WikiLeaks has reported on Twitter that its merchandising subsidiary, WikiLeaks Shop, has had its account blocked with Coinbase, one of the world’s largest cryptocurrency exchanges.
The Tweet shows an alleged email from Coinbase stating that WikiLeaks Shop had violated the cryptocurrency exchange’s terms of service, although as yet the exchange has made no further comment on their action.
The online shop, originally opened in 2011 and run by the German merchandising company Spreadshirt AG, sends proceeds from sales to WikiLeaks operations. Customers can pay for merchandise in a number of cryptocurrencies.
As a result of the block, whistleblower organization WikiLeaks is calling for a global blockade on Coinbase urging its customers to boycott the company.
WikiLeaks will call for a global blockade of Coinbase next week as an unfit member of the crypto community. Coinbase, a large Californian Bitcoin processor, responding to a concealed influence, has blocked the entirely harmless @WikiLeaksShop in a decision approved by management. https://t.co/PAldF8b12P
— WikiLeaks (@wikileaks) April 21, 2018
Last year, after the US banking embargo against WikiLeaks, its leader, Julian Assange, publicly thanked the US government for forcing his organization into relying on Bitcoin donations, reportedly giving WikiLeaks a 50,000% return:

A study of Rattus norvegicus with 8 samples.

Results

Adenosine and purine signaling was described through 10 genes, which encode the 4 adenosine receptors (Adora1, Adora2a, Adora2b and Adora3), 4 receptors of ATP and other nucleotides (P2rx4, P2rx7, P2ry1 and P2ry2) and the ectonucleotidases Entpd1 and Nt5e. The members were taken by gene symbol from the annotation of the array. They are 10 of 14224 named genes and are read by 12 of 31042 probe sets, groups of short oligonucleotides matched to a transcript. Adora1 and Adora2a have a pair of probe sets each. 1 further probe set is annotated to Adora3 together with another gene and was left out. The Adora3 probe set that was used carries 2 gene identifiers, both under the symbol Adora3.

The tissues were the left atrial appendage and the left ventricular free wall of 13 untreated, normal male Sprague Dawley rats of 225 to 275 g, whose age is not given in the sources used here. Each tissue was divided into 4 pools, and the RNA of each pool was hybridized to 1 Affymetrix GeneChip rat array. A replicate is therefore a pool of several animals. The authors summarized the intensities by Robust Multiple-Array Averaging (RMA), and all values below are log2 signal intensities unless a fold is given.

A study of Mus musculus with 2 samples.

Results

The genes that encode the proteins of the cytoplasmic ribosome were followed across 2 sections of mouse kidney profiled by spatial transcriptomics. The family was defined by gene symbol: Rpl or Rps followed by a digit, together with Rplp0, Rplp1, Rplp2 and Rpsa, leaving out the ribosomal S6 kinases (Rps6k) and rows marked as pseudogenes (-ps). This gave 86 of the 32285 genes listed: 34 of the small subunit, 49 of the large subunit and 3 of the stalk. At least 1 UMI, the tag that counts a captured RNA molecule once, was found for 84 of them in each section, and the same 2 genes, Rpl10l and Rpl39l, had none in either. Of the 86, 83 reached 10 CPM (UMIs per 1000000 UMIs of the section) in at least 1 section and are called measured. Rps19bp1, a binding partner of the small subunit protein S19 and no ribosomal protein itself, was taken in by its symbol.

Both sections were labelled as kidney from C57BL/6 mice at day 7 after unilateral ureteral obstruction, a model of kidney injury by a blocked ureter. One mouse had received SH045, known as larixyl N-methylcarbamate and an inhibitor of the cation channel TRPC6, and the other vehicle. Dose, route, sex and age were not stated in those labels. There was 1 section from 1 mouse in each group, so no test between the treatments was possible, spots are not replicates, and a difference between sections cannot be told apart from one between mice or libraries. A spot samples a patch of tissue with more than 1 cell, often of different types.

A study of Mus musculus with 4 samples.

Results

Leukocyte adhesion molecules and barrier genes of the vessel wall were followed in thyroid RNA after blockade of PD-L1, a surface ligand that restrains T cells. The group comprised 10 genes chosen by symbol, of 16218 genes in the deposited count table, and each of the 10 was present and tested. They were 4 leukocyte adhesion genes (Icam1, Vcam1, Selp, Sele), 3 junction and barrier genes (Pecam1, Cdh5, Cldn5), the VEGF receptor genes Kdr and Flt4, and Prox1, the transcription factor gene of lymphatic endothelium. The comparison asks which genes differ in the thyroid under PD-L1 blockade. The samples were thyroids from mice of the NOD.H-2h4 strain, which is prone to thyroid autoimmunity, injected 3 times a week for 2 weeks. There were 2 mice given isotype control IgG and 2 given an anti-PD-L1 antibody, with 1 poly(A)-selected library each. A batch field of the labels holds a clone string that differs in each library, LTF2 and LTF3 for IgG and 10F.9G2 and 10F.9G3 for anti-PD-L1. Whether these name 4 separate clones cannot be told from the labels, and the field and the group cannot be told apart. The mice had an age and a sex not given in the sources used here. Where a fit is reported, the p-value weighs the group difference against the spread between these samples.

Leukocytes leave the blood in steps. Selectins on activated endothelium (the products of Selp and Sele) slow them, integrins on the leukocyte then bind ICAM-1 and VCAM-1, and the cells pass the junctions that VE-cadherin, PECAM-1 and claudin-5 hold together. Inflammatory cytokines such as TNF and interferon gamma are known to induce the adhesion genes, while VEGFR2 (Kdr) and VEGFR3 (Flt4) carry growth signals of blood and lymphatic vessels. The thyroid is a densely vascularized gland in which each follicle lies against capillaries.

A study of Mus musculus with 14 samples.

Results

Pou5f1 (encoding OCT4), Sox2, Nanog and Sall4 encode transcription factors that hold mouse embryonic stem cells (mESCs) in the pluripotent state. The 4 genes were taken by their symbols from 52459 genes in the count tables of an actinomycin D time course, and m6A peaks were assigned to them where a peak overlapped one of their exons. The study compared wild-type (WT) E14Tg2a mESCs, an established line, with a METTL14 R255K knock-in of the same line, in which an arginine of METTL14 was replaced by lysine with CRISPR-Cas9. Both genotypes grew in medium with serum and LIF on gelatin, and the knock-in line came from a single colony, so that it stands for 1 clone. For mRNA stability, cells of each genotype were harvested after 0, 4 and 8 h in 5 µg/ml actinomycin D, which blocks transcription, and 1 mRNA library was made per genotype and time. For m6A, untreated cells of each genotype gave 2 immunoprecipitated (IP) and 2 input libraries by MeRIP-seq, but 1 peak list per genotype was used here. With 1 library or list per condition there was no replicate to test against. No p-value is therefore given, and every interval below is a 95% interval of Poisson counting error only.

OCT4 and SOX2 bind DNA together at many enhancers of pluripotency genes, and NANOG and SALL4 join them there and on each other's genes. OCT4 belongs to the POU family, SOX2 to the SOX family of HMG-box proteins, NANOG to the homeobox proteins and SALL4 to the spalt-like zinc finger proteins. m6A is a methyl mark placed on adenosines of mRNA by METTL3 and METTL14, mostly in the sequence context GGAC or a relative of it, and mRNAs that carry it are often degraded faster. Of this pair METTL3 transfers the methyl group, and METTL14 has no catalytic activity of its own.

“My deepest thanks to the US government, Senator McCain, and Senator Lieberman for pushing Visa, MasterCard, Paypal, AmEx, Moneybookers, et al, into erecting an illegal banking blockade against WikiLeaks starting in 2010. It caused us to invest in Bitcoin with > 50,000% returns.”
WikiLeaks embargoes have proved not be uncommon. Berlin-based freedom of information campaigners Wau Holland collected almost USD 1.4 million for the organization until it was blocked by PayPal in 2010. On this occasion, reasons were given with PayPal citing “activities that encourage, promote, facilitate or instruct others to engage in illegal activity” as the reason.
Andreas M Antonopoulos, the Greek-British Bitcoin advocate, commented that the Coinbase move demonstrates that “we have come full circle”. He suggests that one of the key factors of early interest in cryptocurrency was sparked by the 2010 WikiLeaks embargo.
Antonopoulos suggests that unlike the first embargo, this one is “purely symbolic” as there are now a plethora of crypto exchanges operating apart from Coinbase.